October 22, 2015
Tommy arrived at my office for his psychotherapy appointment looking puzzled. He had just come from his physician's office, where he was told he should immediately start HIV medications. Tommy had tested positive for HIV just three weeks earlier and had reluctantly sought psychotherapy at the recommendation of friends. At 27 years old, he was the picture of perfect health, which was reflected in his lab results. Although he had a high viral load, his T-cell count was also very high. When asked if he had any feelings about seroconverting, his response was nonchalant. He reported no concern and stated that he had always felt that becoming HIV-positive was inevitable based on his sexual practices.
In the past, testing positive for HIV meant a dramatically altered life, and a foreshortened one. In the early years of the epidemic, most people died from complications of HIV. Over three decades, various classes of antiretroviral medications have slowly become available that successfully suppress the virus. Despite their effectiveness and easier administration (most newly diagnosed people have a once-a-day regimen), these medications still represent a lifetime commitment to major chemotherapy. While I understand the carefree attitude of people like Tommy and the relative ease of taking a single pill each day, I am concerned that the life-saving benefits we have experienced from the tremendous developments in HIV research cloud the ongoing, significant impact of HIV and antiretroviral medications on the body.
My personal experience with HIV medications was entirely different. I received the devastating news by telephone in 1988 after getting tested by a physician friend. I was stunned after hanging up from the brief call. A year earlier I had experienced a terrible case of shingles, which had been a mysterious illness for someone in their late twenties. I discovered that my T-cell count was in the single digits, and I knew starting medication was essential. The only drug available at that time was Retrovir (zidovudine, AZT). Proper dosing was basically guesswork, resulting in administration every six hours, including during the night. Most people, including me, quickly became anemic due to AZT toxicity, which killed many (including my physician) and put me in the hospital for transfusions.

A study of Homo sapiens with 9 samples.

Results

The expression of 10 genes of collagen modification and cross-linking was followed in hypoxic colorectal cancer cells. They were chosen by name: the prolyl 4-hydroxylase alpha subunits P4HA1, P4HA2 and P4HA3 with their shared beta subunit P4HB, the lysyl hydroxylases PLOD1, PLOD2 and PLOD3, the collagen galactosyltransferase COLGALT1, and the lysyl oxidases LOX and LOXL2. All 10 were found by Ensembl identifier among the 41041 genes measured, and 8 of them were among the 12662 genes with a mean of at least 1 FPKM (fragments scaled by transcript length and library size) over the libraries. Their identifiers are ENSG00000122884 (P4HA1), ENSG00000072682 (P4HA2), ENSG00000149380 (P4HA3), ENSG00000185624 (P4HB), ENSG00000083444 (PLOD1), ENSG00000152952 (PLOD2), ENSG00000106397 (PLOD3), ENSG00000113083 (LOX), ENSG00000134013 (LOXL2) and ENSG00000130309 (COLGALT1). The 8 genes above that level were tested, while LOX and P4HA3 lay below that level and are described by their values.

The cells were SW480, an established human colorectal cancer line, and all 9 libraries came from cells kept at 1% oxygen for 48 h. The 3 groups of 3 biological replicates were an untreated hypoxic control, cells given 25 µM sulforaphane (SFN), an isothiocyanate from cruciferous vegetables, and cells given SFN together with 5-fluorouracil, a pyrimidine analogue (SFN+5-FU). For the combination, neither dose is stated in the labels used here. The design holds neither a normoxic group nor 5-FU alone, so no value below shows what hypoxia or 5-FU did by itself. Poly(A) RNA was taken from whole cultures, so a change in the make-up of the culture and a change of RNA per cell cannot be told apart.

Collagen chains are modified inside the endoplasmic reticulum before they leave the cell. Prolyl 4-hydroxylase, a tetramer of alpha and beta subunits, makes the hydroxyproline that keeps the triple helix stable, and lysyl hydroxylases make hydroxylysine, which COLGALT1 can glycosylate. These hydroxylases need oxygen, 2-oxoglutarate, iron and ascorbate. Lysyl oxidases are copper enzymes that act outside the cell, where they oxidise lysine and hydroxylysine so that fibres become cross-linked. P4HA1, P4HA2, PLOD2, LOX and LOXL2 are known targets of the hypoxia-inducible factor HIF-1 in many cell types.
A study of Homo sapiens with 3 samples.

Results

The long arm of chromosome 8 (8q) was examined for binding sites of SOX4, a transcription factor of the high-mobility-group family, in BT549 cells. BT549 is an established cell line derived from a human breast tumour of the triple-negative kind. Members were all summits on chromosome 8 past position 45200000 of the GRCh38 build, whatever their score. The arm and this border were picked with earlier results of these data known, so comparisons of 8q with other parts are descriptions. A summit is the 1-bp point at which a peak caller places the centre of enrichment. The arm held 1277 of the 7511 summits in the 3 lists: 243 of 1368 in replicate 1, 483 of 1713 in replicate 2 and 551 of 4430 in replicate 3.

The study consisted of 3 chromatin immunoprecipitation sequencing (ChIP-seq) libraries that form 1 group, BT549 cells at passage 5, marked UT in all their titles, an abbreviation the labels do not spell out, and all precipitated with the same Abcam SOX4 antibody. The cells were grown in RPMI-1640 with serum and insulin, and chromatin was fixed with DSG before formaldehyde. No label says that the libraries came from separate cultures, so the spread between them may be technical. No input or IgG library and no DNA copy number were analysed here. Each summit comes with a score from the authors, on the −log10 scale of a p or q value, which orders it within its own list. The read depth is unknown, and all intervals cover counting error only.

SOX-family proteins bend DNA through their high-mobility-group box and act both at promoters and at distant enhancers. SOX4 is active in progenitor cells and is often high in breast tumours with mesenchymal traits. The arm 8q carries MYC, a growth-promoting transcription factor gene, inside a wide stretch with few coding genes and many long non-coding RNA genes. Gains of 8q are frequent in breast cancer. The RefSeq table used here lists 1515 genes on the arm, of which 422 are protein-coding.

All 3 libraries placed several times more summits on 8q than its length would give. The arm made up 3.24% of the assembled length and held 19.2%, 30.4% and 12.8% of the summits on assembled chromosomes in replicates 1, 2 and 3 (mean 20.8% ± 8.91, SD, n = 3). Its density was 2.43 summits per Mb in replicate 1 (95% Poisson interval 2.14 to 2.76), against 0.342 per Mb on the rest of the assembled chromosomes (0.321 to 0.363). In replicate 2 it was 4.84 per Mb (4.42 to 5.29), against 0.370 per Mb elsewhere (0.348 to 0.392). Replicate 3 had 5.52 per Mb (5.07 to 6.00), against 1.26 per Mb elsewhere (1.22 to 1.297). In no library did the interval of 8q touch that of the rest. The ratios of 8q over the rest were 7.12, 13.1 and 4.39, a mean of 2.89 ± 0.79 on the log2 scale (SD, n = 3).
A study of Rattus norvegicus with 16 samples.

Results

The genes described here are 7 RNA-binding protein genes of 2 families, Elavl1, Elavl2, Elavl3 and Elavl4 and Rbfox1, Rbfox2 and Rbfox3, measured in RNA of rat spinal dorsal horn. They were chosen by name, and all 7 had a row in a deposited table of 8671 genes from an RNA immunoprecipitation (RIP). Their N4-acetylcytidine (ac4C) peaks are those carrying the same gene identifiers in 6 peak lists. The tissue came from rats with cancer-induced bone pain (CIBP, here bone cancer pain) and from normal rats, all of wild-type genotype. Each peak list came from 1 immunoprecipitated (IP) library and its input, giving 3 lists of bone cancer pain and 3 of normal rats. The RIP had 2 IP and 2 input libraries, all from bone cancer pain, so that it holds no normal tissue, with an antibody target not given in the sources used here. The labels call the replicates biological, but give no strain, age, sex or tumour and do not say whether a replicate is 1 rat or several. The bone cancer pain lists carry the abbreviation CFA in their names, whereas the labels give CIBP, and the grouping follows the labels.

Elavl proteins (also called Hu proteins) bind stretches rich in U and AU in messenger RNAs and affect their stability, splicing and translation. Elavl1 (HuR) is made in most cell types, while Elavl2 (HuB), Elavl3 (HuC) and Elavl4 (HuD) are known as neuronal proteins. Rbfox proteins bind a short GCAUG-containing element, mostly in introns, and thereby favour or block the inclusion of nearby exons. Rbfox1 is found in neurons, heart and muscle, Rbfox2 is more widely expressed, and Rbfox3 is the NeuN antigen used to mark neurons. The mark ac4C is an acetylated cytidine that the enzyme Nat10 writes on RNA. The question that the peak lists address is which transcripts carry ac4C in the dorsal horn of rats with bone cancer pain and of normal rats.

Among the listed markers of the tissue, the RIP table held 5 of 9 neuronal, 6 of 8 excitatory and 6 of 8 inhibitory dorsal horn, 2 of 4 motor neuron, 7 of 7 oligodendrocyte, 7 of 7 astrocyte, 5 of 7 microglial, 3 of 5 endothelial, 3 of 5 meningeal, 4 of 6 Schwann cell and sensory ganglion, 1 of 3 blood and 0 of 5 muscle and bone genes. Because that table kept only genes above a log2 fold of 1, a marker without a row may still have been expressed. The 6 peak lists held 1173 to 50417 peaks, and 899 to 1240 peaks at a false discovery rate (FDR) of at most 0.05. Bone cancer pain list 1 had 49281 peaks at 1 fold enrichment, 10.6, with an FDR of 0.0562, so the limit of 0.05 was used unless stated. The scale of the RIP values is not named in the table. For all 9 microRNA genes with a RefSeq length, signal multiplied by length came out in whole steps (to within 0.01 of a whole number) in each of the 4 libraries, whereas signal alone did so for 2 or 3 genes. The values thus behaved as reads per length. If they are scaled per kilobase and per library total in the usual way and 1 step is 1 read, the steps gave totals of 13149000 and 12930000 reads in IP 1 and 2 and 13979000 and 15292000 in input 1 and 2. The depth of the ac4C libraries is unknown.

Times have changed, but not entirely. Then, as now, not starting HIV medications was ultimately not an option, although the unknowns were far greater at that time. Then, as now, stigma impacted anyone living with HIV and pills were often taken in secret, laden with shame. Then, as now, the financial burden of medications and various health care disparities resulted in widely variable rates of disease progression and mortality. And then, as now, side effects of the meds created great concern, although the toxicity that kept people close to a bathroom for days on end, or hospitalized them for pancreatitis, or caused them permanent, lifelong conditions such as neuropathy has lessened. HIV medications today are far easier to take and tolerate, but they are not benign.
Today, we struggle with mixed messages in our decades-long HIV "crisis." We certainly want to discourage the devastating fear surrounding HIV, hoping to reduce its potent stigma while conveying that, with early detection and medical intervention, it no longer needs to be a death sentence. On the other hand, we have softened the notion of HIV to the point where people like my client Tommy are overly complacent, resulting in a prolonged epidemic that is fueled by a lack of awareness. Data show that nearly one in five persons with HIV (who are responsible for the majority of transmissions) do not know and probably don't want to know their status. A study by the Kaiser Family Foundation reported that one in four Americans still think sharing household objects can transmit HIV. And people are still dying from both the HIV virus and HIV medications in the form of cardiac, liver or metabolic complications.
I am grateful that I had access to life-saving medications and proud, despite the lifelong conditions that resulted, that I (and many others) lent my body to drug trials so that more lives could be saved. My wish for those who are newly diagnosed is most certainly that they have an easier path, but also an ability to remain vigilant about the virus that remains cloaked and "undetectable" in their bodies.
Taking HIV medications, for now at least, remains a lifelong commitment. Like any significant relationship there are ups and downs, easier times and more difficult ones, and benefits as well as complications. In the following slideshow I walk through seven factors that are useful to consider when starting treatment.
David Fawcett, Ph.D., L.C.S.W., is a substance abuse expert, certified sex therapist and clinical hypnotherapist in private practice in Ft. Lauderdale, Florida. He is the author of Lust, Men, and Meth: A Gay Man's Guide to Sex and Recovery.